The Data Model diagram helps you to quickly and easily define data sets, break groups, and totals for a report based on multiple data sets.
If you do not link the data sets (or queries), the data engine produces a multipart unrelated query data set.
For example, in the data model, image shown below, one query selects products and another selects customers. There is no relationship between the products and customers.
The result is shown in the data structure as depicted in the following image.
It is possible that the data fetched for one part of the data set or query is determined by the data fetched for another part. The result is often called a master/detail, or parent/child relationship that is defined with a data link between two data sets or queries.
When you run a master/detail data model, each row of the master (or parent) query executes a query against the detail (or child) to retrieve only matching rows.
In the example, image below, two data sets are linked by the element Customer ID. The Orders data set a child of the Customers data set.
The example produces the data structure shown in the following image.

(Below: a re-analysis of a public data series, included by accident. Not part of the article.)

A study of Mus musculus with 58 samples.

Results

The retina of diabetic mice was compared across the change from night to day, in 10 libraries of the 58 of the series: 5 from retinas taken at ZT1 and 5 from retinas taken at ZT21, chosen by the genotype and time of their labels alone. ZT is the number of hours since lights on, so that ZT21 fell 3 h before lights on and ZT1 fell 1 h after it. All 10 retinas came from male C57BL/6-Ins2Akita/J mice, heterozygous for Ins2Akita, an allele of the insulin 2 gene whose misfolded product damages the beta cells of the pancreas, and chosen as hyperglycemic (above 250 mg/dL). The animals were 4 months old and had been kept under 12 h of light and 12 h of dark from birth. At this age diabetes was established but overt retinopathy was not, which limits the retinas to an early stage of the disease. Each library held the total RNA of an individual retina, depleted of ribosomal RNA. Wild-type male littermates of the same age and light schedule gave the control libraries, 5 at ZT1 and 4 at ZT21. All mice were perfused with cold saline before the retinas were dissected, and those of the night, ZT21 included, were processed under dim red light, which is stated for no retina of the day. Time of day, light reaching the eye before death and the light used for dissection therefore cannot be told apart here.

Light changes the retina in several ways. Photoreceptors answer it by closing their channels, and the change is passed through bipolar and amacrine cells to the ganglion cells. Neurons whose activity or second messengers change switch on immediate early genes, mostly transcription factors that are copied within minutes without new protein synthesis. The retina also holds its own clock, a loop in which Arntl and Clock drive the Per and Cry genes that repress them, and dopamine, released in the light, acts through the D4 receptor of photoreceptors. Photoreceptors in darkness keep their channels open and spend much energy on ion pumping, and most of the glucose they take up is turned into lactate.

Certain guidelines are recommended for building data models.
Reduce the number of data sets or queries in your data model as much as possible. In general, the fewer data sets and queries you have, the faster your data model will run. While multi-query data models are often easier to understand, single-query data models tend to execute more quickly. It is important to understand that in parent-child queries, for every parent, the child query is executed.
You should only use multi-query data models in the following scenarios:
To perform functions that the query type, such as a SQL query, does not support directly.
To support complex views, for example, distributed queries or GROUP BY queries.
To simulate a view when you do not have or want to use a view.